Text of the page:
His argument is very reasoning to his defence and he eats so many reason to why the work works in its evil ways of discrimination. He wants everyone to that, it's very easy to not be very discriminated by the way you look but the way your skin color. Mr. King is very descriptive of his words and his meaning for them. He can really make the world change if everyone really did follow. King's reason for the speech is because he is trying to make a difference, he is a very good well taught speaker and he speaks with so much enthusiasm and nothing could really stop him from anything he's
Beowulf and Sir Gawain – True Heroes Heroes come in many forms. The construction of "the heroic" has taken many forms, yet traits such as: courage, honor, and loyalty, reappear as themes throughout the "hero" personality. The characters of Beowulf and Sir Gawain each represent a version of a hero, yet each comes across quite differently in their story. A hero can be said to truly win if he remains constant to his noble values when put in any situation that crosses his way. When measured by that criterion, Sir Gawain stands out above Beowulf as a true hero, due to his command of both personal and spiritual power through the use of thought, as well as valiant deeds.
Cyrano de Bergerac does what he pleases and most actually says whatever is on his mind. He speaks through prideful actions, always thinking of how to make himself stand out or to look intelligent. He never backs down from a fight or a confrontation, and this is often where his pride will continuously persuade his sense. Cyrano only grows in pride, and his temper grows shorter, through the play so the characters don't even say the word 'nose' anywhere near him. Cyrano was a good tragic hero that the audience loves who sadly has tragic flaws that cause his demise.
He also learned a lesson from his mistakes which ultimately creates a catharsis in the reading audience. Beowulf, on the other hand, is characterized by the standards of an epic hero. He strives for excellence and individual glory by doing heroic deeds. He has an admirable set of ethics, is great warrior, and is very loyal to his master. Beowulf is also rewarded for his deeds with fame and fortune.
His egotistical, arrogant, and tyrannical nature caused his great downfall. Creon had many opportunities to listen to the advice and pleas of his peers and family and except their alerting words. Unfortunately, his insolence blinded him and manipulated his fair judgement. In spite of the fact that the story is named after Antigone for her valiant deeds, and strong attributes, the twists are provided by another character, although corrupted, in the end Creon's misdeeds provide the ultimate definition of a tragic hero. Source Cited Sophocles.
For the hero, the highest good is glory and the highest evil is shame. Beowulf, the son of Ecgtheow and Hygelac’s thane is introduced by Heaney as a valiant warrior. The reader immediately notices that Beowulf is well respected. The tone of the work suggests that even the narrator holds him in high esteem, “the man whose name was known for courage, the Geat Leader” (Heaney, 11) (the chapter is entitled “The Hero comes to Heorot”). Beowulf is introduced with grandeur.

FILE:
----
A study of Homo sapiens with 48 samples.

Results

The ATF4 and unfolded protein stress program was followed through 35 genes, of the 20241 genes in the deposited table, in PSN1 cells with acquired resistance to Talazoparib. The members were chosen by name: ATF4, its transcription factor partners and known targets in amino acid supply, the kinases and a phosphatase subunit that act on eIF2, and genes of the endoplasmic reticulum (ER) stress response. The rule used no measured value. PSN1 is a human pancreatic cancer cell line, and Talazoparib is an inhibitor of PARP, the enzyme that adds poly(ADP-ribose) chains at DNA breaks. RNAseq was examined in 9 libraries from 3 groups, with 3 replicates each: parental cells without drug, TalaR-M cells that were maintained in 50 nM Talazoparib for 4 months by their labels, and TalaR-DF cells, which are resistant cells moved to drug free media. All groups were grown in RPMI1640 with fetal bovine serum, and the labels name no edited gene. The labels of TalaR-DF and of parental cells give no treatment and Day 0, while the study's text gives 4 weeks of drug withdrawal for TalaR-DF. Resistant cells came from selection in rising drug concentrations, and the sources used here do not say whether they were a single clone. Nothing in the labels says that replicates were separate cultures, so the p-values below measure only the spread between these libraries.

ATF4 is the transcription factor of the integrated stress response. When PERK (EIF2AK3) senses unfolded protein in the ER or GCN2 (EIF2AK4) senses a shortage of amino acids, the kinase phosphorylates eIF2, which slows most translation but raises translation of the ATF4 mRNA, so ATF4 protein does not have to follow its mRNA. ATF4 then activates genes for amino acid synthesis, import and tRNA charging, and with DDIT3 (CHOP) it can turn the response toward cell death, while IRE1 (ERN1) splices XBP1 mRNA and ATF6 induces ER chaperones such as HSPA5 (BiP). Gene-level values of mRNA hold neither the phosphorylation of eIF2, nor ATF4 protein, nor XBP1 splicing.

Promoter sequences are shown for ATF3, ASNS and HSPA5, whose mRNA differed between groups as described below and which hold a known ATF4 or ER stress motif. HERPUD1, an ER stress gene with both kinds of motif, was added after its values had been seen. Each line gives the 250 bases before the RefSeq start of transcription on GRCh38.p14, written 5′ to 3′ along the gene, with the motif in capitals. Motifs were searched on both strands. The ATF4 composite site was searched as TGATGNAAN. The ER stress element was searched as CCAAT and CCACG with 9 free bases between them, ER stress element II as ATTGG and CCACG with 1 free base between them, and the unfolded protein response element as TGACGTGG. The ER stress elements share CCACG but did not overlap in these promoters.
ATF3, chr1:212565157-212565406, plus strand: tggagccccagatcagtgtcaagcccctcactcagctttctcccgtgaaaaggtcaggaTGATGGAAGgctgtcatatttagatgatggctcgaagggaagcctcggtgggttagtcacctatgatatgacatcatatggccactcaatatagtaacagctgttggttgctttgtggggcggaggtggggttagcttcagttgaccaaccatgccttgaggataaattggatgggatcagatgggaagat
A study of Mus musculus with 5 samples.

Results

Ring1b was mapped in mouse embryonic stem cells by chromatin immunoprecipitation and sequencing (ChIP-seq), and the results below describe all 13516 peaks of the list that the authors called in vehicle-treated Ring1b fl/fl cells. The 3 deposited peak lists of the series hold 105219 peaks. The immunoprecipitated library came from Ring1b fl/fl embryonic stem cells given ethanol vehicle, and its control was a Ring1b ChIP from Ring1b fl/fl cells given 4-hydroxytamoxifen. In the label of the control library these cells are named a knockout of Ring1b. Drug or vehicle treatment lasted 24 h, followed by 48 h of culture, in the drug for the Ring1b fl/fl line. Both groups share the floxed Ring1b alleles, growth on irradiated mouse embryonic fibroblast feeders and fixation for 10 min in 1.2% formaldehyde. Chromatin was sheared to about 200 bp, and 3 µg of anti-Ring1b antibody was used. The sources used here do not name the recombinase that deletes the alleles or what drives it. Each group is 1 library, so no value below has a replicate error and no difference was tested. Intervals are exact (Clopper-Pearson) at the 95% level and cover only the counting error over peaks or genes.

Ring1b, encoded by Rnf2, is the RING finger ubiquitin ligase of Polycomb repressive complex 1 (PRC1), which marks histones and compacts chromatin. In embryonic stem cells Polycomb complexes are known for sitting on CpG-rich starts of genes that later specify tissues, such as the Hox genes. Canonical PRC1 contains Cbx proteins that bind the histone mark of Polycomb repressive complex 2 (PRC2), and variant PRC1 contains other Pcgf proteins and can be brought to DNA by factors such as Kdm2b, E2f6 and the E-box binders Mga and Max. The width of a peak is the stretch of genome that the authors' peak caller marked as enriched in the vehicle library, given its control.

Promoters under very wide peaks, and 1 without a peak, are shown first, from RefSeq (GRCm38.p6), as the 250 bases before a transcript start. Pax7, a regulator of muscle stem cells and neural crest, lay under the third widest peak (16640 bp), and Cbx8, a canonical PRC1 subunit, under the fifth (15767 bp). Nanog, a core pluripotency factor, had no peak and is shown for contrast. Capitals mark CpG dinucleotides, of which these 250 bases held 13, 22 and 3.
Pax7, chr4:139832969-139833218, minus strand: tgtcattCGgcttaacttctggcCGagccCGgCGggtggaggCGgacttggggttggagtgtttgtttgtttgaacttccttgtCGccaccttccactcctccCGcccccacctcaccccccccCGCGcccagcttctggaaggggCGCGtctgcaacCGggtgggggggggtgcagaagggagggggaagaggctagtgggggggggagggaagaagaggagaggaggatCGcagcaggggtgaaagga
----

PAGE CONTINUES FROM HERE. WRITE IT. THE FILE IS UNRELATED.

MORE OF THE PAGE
He in the chaos and impulsive world can see through the surface of the conflict and see the core of the world that people are the same. That is really amazing and Ponyboy does have the board mind of a hero. If Ponyboy is a hero with sympathy in mind than his friend Johnny is a hero with sympathy in action. The first time Johnny showed his sympathy is when Dally harass the Socs girls, Cherry and Marcia. Johnny bravely stand up to Dally to everyone’s surprise.
It is a new land to Odysseus. Any other man would rightfully fear for his life, not knowing what possible danger is to come. But for Odysseus, his mindset shines through so clearly, that most people gravitate towards him, much like the Phaeacians. Before they even have confirmation or any context on who he truly is, they pick up on his bold confidence. The Phaeacians call a cause for celebration, as they respect and welcome such resilient and original thinking.
This proves an accurate depiction of human nature, as humans can show themselves as either virtuous or vicious given the situation they are involved. As civilizations evolved, many leaders have risen to power, and have proved either a valiant ruler, or a tyrant. The corruption of power has been evident throughout the course of human culture through the mistakes, and successes of man. If you desire to test a man’s character, simply provide him power – instances of this include; the primitive savagery of man’s heart, the overwhelming choices people are faced with, and the personal sense of nobility in each individual. All beings know the lust, and temptation of savagery; to be subjected to feral instincts, and desire to ravage as was intended by nature.
Odysseus has the skills, strength, and intelligence to qualify him as a hero, yet he still possess the emotional constraints of a human, which together enable him to survive the chaotic disorder of his adventure. His journey was rich with people and places and totally unpredictable, just as life is for everybody. From ancient Greeks to today's reader, it is easy to commiserate with Odysseus while at the same time idolize him for dealing with life as it came at him.